Thursday, December 10, 2009

No One Remembers the Khyber Pass North Bar

And now, to a reporter checking me out, I’m sounding like I’ve made it all up. Ugh! Anyone out there remember the Khyber Pass North bar from 1984? It was between 17th and 18th on Callowhill Street and wasn’t too far from the Rose Tattoo bar, but was light-years less fashionable. Even certain well-known reporters from the Philadelphia Inquirer (who shall remain nameless) and who no longer live here are saying they don’t remember the bar. Shit! She used to come in all the time to see her girlfriend...oh all right! her alleged girlfriend, Serrill Headley. The “Little Judge” used to come in all the time. Anyone remember him? He’s probably dead. But the first day I was working, I was cleaning up for the night guy (Daood) and I hadn’t been paying attention to the newcomers at the bar. And when I looked up, there suddenly were a bunch of well-dressed men (obviously Family Court had just let out on Vine Street) sitting at the bar. One of them was an extremely handsome man, as in, VERY good-looking. And then, he disappeared. I mean...disappeared. It was the “Little Judge”, he’d hopped off his stool and I realized he was a dwarf. Ring a bell, anyone? Well, he was a regular, for as long as the Khyber Pass on Callowhill existed. And now I’m finding out Daood never went to Princeton or Rutgers and he had to be 24 back then, not 21. I wonder whatever happened to his 40-year-old girlfriend, Ginger. She’d be a senior-citizen now. Oh what a funny thought.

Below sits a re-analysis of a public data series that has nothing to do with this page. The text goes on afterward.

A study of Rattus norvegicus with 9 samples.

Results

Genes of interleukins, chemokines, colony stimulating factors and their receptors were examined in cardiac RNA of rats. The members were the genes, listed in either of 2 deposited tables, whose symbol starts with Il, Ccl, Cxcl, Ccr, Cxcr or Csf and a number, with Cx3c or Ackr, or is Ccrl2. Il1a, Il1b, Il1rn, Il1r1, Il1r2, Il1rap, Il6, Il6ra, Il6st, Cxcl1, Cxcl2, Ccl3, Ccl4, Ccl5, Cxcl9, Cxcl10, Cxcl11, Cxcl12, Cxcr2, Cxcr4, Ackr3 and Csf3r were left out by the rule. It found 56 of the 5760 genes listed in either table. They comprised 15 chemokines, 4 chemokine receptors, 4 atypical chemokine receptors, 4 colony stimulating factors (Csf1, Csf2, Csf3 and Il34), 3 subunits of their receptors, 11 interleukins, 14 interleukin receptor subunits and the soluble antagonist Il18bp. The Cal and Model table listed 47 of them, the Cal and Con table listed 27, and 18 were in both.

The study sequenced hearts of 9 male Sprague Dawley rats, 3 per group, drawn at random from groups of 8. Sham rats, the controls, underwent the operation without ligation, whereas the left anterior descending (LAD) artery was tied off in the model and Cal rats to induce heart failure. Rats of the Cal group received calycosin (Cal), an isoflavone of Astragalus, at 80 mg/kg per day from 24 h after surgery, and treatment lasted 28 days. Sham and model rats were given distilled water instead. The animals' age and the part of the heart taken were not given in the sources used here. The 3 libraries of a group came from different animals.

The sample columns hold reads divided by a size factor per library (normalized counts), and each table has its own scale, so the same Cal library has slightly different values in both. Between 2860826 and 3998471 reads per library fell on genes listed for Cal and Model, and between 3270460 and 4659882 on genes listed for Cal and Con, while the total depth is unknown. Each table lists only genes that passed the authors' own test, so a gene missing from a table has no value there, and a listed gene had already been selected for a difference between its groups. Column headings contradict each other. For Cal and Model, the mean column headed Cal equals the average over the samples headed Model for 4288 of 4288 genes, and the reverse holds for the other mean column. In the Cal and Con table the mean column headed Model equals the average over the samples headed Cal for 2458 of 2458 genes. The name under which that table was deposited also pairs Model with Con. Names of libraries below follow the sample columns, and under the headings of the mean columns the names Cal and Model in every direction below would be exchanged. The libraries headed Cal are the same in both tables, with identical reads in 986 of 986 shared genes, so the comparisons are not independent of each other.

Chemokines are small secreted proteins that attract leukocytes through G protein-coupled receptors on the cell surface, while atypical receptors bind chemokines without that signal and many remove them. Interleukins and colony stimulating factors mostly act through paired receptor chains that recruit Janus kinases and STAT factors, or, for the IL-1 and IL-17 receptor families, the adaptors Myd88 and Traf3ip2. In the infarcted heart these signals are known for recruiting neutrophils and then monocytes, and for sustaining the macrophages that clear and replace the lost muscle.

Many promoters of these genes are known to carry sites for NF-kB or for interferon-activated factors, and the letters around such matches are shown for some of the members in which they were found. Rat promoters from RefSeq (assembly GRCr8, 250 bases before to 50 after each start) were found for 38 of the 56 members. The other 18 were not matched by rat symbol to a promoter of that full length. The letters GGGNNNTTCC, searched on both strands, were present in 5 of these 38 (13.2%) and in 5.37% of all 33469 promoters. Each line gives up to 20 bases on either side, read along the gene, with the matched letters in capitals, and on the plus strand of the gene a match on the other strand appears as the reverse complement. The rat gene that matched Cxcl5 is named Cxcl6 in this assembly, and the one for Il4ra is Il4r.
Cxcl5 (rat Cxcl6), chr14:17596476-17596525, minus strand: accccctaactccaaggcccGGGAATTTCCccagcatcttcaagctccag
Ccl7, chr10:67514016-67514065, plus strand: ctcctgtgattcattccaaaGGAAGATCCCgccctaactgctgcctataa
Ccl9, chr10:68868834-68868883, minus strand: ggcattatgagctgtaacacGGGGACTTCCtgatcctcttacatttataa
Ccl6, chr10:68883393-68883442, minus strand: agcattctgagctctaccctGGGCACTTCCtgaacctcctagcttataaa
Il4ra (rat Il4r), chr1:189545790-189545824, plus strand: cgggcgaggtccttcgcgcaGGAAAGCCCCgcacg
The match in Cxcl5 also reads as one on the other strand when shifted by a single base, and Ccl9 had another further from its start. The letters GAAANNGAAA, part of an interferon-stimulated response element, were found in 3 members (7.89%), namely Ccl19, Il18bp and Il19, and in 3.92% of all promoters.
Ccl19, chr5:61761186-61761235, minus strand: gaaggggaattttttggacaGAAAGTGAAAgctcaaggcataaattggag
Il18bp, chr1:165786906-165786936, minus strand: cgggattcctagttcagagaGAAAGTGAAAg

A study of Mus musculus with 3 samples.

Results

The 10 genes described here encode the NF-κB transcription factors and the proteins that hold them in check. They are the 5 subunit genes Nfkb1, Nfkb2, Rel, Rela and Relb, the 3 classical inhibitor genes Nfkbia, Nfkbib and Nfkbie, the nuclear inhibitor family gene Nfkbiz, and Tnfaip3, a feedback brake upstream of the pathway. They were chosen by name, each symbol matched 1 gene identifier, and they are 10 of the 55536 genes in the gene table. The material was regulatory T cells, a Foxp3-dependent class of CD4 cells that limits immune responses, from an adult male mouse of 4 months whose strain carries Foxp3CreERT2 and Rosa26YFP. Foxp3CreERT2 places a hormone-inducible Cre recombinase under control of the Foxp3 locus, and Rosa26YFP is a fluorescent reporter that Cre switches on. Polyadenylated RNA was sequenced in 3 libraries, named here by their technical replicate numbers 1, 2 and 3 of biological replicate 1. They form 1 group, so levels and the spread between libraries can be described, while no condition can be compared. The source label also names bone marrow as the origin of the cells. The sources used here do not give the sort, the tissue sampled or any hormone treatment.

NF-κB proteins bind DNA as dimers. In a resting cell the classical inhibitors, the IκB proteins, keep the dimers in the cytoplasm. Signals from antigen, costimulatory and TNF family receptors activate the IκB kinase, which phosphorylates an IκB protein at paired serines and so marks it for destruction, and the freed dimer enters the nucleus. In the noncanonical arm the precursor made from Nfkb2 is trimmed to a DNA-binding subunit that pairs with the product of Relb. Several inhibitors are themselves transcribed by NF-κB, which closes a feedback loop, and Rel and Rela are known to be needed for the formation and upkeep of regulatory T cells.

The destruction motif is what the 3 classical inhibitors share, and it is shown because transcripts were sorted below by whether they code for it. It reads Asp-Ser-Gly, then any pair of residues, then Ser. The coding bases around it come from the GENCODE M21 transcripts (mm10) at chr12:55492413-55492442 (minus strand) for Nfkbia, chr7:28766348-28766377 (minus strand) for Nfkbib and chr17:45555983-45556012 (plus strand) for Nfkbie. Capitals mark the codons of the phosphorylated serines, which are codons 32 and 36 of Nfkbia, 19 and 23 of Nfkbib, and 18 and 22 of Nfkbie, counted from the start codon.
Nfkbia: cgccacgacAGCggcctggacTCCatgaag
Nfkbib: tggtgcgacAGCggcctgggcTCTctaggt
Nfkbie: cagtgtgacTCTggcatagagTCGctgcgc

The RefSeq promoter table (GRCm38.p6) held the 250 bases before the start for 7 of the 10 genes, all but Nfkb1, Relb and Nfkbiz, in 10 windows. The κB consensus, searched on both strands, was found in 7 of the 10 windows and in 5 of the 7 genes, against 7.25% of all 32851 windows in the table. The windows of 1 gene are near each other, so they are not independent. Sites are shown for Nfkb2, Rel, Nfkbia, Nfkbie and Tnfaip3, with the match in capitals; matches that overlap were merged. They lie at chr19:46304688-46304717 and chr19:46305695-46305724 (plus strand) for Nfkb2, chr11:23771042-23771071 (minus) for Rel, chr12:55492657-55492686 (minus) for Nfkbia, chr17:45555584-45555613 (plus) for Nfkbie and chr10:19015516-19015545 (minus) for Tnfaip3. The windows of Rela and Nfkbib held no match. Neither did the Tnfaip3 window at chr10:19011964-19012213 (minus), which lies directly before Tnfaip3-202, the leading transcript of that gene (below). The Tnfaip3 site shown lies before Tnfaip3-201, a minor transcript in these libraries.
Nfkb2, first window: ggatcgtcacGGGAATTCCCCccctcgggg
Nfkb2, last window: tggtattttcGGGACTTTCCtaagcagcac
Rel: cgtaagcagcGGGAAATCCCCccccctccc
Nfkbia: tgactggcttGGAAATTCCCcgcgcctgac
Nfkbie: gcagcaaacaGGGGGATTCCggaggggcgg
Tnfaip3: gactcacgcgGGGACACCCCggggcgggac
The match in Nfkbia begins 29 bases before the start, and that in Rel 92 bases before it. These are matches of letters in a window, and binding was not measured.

1 comment:

richard childers said...

The "little judge" might be identified by reading old legal proceedings and talking to local lawyers whom worked in those family courts. The judge surely had a relationship with the state bar association.

You might be able to locate old business records for the Khyber Pass North Bar at City Hall. It needed a business license, and probably a liquor license, too.

You might be able to find pictures of the business in the files of local real estate companies - assuming, that is, that they haven';t gone out of business.

It wouldn't hurt to make an extended set of queries to the best librarians in the city, region, and state. You never know what might be lurking in the document collections of local universities - and you might engage the interest of a few college students, too.